Last week marked the beginning of Lent. Many Christians—including a growing number of generally non-liturgical evangelicals—observe the forty-day period preceding Easter as a somber time to fast, repent, and prepare to remember Christ’s death and, ultimately, celebrate his resurrection. Some fast from luxuries like chocolate, coffee, or watching television. Such fasting can be a valuable spiritual discipline, to be sure, but Scripture also warns us that fasting is of little value if we do so while concurrently ignoring God’s call to seek justice and to care for the vulnerable. God spoke to his people through the prophet Zechariah, questioning the motivation of their traditional fast:
When you fasted and mourned in the fifth and seventh months for the past seventy years, was it really for me that you fasted?… This is what the LORD Almighty says: “Administer true justice; show mercy and compassion to one another. Do not oppress the widow or the fatherless, the alien or the poor. In your hearts do not think evil of each other” (Zechariah 7:5, 9-10).Because they refused to obey his repeated commands to seek justice and to care for the vulnerable—the poor, the widow, the orphan, and the immigrant—God refused to hear their prayers, despite their fasting and religious ceremony (Zechariah 7:11-13). On another occasion, God refused to notice the people’s somber fasting or to respond to their prayers because, as he told them through the prophet Isaiah, “on the day of your fasting you do as you please and exploit all your workers” (Isaiah 58:3). At its best, the Lenten season is a time of penitence—to repent of our sins, to remember the depths of our sinfulness and the greatness of God’s grace—and to seek greater intimacy with God through prayer and fasting. If that does not seem to be working, though—if God seems distant, despite going through all the religious motions—perhaps we need to seriously search our hearts, to consider if we need to repent of our complicity in broken structures that oppress the poor and the immigrant whom God says are his concern. We might need to inform ourselves about the hidden realities of our economy, which permit us to enjoy cheap produce, well-manicured lawns, and affordable meals out because of the labor of undocumented immigrants who, in most cases, earn very low wages and pay Social Security and Medicare taxes to subsidize elderly American citizens even though they will never be eligible to benefit from these programs. We need to honestly assess whether we’re being faithful to the sort of true fasting to which God calls us:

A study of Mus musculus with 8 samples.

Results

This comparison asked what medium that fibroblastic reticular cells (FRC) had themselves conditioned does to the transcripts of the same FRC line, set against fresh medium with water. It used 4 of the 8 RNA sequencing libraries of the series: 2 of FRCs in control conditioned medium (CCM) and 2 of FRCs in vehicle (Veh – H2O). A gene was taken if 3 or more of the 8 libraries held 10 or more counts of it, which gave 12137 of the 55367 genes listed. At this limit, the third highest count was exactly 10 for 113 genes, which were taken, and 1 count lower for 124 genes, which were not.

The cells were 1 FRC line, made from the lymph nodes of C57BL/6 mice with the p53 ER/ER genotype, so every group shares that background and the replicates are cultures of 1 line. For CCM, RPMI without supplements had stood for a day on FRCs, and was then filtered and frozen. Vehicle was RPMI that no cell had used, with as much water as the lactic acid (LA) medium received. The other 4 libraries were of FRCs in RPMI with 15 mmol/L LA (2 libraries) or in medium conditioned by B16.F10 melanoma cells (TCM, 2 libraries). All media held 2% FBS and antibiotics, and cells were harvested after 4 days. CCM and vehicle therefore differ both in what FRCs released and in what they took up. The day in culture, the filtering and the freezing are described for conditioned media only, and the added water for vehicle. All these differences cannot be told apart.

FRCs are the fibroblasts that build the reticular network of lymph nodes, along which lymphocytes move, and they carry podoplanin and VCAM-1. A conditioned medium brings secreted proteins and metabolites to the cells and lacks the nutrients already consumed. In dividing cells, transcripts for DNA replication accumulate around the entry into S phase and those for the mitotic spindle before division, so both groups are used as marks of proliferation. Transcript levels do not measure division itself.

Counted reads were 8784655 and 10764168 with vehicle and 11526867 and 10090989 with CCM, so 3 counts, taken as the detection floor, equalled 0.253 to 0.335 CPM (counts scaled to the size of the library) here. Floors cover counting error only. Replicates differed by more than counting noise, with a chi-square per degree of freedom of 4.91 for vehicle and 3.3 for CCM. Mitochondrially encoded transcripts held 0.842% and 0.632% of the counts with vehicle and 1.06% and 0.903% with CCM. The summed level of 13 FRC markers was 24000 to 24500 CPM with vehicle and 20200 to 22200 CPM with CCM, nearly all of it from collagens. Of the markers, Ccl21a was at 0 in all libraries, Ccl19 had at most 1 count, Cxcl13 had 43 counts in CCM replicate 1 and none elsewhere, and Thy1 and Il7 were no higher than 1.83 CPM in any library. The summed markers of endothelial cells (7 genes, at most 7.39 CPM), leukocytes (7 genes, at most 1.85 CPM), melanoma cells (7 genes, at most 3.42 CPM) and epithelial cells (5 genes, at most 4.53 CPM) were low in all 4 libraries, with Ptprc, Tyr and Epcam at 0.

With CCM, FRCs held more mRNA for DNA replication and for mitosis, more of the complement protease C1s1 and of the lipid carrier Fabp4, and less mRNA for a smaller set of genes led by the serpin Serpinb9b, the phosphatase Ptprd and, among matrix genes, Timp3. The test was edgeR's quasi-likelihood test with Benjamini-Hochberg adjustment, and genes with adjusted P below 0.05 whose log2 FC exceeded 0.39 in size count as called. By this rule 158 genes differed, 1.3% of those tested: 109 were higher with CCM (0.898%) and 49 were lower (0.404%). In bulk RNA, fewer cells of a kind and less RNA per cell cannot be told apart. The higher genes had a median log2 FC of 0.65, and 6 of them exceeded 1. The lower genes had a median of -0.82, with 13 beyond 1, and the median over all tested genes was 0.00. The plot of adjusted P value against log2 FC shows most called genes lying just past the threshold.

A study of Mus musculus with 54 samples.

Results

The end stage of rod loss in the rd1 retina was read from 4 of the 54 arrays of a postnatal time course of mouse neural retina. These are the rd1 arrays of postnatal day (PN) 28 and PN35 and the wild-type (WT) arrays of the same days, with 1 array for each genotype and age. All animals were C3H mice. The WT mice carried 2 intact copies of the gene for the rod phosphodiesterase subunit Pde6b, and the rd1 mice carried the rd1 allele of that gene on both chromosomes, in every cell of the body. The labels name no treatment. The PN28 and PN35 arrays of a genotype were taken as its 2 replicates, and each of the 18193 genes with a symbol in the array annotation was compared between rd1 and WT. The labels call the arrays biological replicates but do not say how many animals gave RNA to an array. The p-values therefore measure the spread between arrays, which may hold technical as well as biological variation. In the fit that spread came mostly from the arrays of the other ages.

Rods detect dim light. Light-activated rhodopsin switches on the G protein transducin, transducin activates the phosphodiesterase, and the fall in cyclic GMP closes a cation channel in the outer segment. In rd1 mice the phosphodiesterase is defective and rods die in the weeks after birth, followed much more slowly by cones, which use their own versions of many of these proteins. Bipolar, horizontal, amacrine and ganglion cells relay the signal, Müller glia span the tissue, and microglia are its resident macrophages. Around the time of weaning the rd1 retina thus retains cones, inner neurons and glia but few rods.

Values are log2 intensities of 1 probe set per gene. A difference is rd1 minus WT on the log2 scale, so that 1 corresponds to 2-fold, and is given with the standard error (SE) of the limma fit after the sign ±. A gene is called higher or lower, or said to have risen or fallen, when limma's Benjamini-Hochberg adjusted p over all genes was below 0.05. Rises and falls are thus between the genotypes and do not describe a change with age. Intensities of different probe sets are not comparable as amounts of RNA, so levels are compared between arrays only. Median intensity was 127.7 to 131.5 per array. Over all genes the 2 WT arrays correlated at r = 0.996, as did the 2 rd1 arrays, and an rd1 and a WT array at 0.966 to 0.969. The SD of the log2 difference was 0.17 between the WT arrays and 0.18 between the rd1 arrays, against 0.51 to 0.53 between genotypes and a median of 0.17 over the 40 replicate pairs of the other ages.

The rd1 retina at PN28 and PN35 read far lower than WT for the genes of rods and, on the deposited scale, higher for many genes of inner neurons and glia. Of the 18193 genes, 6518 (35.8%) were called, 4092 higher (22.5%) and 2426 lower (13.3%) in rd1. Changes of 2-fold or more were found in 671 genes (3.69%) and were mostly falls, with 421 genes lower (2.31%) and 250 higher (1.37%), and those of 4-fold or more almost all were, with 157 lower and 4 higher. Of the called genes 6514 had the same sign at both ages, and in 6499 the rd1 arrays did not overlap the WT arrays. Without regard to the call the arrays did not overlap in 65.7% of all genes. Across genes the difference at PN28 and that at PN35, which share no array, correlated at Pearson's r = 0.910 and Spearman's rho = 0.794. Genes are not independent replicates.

Is this not the kind of fasting I have chosen: to loose the chains of injustice and untie the cords of the yoke? Is it not to share your food with the hungry and to provide the poor wanderer with shelter— when you see the naked, to clothe him, and not to turn away from your flesh and blood? (Isaiah 58:6-7)If and only if we engage in this true fasting, not just depriving ourselves of food or adorning our foreheads with ashes, but “spending ourselves” on behalf of the poor, the immigrant, the fatherless, and the widow, then Scripture promises that
You will call, and the LORD will answer; you will cry for help, and He will say: Here I am… The LORD will guide you always (Isaiah 58:9, 11).Whether you observe Lent or not, if you want to know deeper intimacy with God, you might start by looking at how you—and the systems you are a part of, whether you chose to be or not—are impacting the vulnerable.